Covid-19: Public debate is needed to decide how UK will live with SARS-CoV-2, says ethics collaborativeBMJ 2021; 373 doi: https://doi.org/10.1136/bmj.n1327 (Published 25 May 2021) Cite this as: BMJ 2021;373:n1327
As the UK eases its covid-19 restrictions, and the initial two-dose vaccination rollout nears its end, more radical forms of public engagement will be essential when resolving the difficult questions about how the country will live with SARS-CoV-2, the UK Pandemic Ethics Accelerator collaborative has said.
As part of the collaborative, researchers from the universities of Oxford, Bristol, Edinburgh, and University College London considered some of the challenging ethical questions that the pandemic has raised.
The accelerator has been funded by £1.4m from the Arts and Humanities Research Council, as part of the rapid response to covid of UK Research and Innovation, the non-departmental government body that directs research and innovation funding. The pandemic has resulted in 130 000 covid-19 deaths in the UK and three million worldwide. Many people have also been affected by long covid.
The researchers initially focused on the key ethical challenges relating to large scale data collection, access, and use; preparedness for future pandemics; access to resources such as vaccines; and the use of public health interventions such as quarantine. They also considered how to create equitable public health policy and practice and to ensure engagement of the public in informing policy making.
In five articles, published 24 May,1 the researchers concluded:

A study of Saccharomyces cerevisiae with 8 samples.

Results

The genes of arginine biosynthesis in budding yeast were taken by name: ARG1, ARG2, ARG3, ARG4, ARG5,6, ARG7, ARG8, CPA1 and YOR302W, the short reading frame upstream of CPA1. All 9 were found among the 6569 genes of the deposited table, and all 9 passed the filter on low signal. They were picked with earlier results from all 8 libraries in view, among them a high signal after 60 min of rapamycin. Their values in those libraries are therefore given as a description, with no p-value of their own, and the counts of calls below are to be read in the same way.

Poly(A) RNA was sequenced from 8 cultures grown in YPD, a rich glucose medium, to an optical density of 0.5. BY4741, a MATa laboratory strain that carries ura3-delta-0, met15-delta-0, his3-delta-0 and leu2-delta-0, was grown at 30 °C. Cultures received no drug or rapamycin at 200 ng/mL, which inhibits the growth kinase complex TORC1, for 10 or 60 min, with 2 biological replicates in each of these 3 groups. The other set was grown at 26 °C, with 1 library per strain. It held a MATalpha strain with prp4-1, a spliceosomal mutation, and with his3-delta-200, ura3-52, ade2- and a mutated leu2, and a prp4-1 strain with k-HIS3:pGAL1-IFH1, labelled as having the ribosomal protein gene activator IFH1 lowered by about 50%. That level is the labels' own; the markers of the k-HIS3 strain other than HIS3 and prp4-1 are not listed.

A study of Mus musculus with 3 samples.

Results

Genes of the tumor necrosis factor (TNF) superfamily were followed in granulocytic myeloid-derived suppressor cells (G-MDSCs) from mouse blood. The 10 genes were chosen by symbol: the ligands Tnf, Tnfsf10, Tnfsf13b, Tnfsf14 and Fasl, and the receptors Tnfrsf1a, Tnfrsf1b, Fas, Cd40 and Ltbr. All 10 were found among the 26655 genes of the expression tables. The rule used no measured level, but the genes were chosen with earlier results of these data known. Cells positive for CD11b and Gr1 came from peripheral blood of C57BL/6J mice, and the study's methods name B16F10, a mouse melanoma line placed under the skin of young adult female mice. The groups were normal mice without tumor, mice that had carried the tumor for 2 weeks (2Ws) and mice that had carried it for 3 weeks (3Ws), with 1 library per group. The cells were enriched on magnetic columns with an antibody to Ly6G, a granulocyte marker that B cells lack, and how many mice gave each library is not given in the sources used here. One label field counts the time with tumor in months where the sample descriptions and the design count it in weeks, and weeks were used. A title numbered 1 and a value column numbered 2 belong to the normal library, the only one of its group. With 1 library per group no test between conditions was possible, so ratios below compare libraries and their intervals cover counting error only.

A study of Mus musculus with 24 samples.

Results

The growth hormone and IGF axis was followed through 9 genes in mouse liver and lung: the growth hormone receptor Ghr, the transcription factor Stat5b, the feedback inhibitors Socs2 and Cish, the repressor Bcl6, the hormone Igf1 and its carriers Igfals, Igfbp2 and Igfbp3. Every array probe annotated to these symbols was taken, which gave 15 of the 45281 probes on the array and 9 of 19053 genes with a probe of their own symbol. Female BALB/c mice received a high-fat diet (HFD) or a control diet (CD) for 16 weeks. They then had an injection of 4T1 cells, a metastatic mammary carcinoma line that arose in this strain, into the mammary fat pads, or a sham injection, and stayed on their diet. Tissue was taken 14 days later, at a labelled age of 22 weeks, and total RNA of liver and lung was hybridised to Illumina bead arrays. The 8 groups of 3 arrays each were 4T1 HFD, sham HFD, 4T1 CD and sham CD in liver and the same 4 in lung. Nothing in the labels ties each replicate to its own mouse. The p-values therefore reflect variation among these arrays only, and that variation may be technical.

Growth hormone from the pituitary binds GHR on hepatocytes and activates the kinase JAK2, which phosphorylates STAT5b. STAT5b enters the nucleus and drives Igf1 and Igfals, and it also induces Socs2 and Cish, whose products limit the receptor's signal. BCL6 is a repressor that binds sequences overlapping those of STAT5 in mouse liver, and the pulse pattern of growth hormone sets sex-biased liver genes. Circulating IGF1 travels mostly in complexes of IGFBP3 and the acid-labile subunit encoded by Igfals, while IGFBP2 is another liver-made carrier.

The current suppression strategy means society “will have to make trade-offs between three key values: reducing covid-19 mortality, liberty, and equality” and will have to decide what is acceptable for the fundamental conflict between these values to be resolved.
Rather than just focusing on communicating risk to the public in terms of numbers and epidemiological data, policy makers need a better understanding of how the public judges and responds to risk and what values influence these judgments.
New ways of gathering data on covid-19 deaths and which groups are being affected by inequality are needed. For example, anthropologists have developed approaches that don’t just count people but also provide insight into their lives and values.
When the government makes decisions on everything from education and employment to trade and travel it should consider ethical questions concerning effects on health (harms and benefits), and the public should be involved in that discussion.
The accelerator’s principal investigator, Ilina Singh, co-director of the Wellcome Centre for Ethics and Humanities at the University of Oxford, said, “As a society we all will still need to make trade-offs to suppress the virus in the long term. Those decisions will affect us all. For example, the measures to reduce deaths and protect health services have created risks and impacts elsewhere, including increased waiting list times and people becoming reluctant to seek medical help, as well as impacts on mental health, child development, and education.
“In terms of mortality, the pandemic is now forcing us to consider what sorts of deaths, and whose deaths, we should be most concerned about, as well as the values that underpin such judgments. Untimely or unexpected deaths are something to be avoided—but at what cost?”